No sooner did NASA’s deadline pass for companies to submit proposals for a new passenger space transit system than the agency changed the ground rules — a move that not only will challenge project bidders to accelerate development plans, but also opens the door for a partnership of eclectic space entrepreneurs to demonstrate if it has the moxie to fly people in space.


One member of the commercial space clan actually already has done so, designing, building and flying a sub-orbital spacecraft three times last year in a successful quest for a $10 million cash prize. To garner National Aeronautics and Space Administration support for its program, however, aircraft designer Burt Rutan, creator of the first privately built passenger spaceship, will have to aim higher.



Rutan’s firm, Scaled Composites of Mojave, Calif., is partnered with a diverse team of former X Prize contenders, business people, researchers, technical gurus and even a former astronaut to take a stab at designing part of a space transportation system to replace NASA’s space shuttles. Although the agency has a long list of new vehicles that never went farther than the drawing boards, this time around the stakes cannot be higher.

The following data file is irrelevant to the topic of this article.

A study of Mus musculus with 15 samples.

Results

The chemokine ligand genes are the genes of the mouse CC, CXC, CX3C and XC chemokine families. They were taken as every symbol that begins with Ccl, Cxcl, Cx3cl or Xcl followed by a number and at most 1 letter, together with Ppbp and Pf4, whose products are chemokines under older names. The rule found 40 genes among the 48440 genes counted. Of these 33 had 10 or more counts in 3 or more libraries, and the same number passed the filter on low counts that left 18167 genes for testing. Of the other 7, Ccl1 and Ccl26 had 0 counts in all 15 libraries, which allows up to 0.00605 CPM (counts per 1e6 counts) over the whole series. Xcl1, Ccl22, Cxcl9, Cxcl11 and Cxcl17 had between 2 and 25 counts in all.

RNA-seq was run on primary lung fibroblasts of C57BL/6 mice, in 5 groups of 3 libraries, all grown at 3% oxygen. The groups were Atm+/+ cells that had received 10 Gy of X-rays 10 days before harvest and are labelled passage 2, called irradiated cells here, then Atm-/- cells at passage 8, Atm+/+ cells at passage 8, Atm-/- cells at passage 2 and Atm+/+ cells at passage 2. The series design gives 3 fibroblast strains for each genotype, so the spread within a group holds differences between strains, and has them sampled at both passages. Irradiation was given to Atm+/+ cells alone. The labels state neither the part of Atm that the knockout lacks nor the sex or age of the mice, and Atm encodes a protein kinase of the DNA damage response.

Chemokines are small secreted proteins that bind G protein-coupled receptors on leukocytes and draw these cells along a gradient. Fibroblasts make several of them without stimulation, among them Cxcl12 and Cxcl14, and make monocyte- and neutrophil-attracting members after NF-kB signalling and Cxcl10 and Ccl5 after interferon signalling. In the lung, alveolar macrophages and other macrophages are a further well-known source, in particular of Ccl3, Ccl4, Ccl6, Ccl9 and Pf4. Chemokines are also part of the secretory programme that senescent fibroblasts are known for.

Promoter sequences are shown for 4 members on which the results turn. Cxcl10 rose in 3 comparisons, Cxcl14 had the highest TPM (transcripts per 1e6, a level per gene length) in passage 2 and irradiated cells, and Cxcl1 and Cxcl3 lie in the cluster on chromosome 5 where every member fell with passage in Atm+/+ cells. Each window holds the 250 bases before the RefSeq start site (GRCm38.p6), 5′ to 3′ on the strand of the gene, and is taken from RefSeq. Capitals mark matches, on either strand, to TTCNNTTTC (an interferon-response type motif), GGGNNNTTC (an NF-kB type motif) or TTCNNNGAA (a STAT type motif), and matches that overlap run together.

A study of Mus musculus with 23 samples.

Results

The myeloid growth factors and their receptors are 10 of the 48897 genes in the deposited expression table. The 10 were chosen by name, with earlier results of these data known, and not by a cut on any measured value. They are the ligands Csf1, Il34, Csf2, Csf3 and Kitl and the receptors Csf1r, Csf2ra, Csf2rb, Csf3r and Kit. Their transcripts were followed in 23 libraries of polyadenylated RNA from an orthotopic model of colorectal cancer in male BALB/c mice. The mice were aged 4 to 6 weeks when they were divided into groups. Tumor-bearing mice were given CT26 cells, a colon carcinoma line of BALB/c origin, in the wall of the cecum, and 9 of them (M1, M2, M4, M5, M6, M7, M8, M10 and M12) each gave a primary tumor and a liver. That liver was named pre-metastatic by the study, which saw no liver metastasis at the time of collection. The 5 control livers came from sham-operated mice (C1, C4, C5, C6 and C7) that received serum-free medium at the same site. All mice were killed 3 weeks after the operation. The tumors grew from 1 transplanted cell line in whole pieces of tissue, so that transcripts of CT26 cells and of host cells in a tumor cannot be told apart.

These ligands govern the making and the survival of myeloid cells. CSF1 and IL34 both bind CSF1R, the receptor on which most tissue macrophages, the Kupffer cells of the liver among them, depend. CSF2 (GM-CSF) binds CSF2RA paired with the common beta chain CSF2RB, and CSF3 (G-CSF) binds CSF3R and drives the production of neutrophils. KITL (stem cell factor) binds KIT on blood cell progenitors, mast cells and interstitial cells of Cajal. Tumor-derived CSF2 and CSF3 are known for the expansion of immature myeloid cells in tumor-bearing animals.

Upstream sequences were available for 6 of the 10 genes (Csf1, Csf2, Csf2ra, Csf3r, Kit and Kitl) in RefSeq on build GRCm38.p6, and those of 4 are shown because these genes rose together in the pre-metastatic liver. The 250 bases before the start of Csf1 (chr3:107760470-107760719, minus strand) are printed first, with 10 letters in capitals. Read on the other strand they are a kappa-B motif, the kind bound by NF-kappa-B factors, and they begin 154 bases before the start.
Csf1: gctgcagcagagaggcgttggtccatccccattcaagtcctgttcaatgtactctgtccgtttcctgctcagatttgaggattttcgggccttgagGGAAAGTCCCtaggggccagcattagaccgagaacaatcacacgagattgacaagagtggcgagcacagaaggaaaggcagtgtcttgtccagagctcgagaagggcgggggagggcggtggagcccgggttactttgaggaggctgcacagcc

NASA plans to retire its shuttle fleet by 2010. The agency hopes to have the International Space Station completed by then, but even in the best-case scenario, NASA still will need to ferry crews and supplies to the outpost after the shuttles are decommissioned.



If a new vehicle fails to make if off the launch pad, the United States will be out of the human spaceflight business, at least as far as the government goes, dependent on the Russians, perhaps the Chinese, or other entities that build and fly operational space vehicles.



The space station is only the first stop for the new fleet, called the Crew Exploration Vehicle or CEV. The name is something of a misnomer, as NASA plans to incorporate several technologies into its next-generation space transit system.



“The idea is that we’ll have other vehicles to get us from space to the surface of the moon and Mars and back again. We’re not talking Buck Rogers here with one vehicle that can do it all,” NASA spokesman Michael Braukus said in an interview.



In addition to flying people from Earth to space, the CEV as currently envisioned also includes a travel system to the moon, a lander to touch down on the lunar surface and take off again, and future systems to take people to Mars.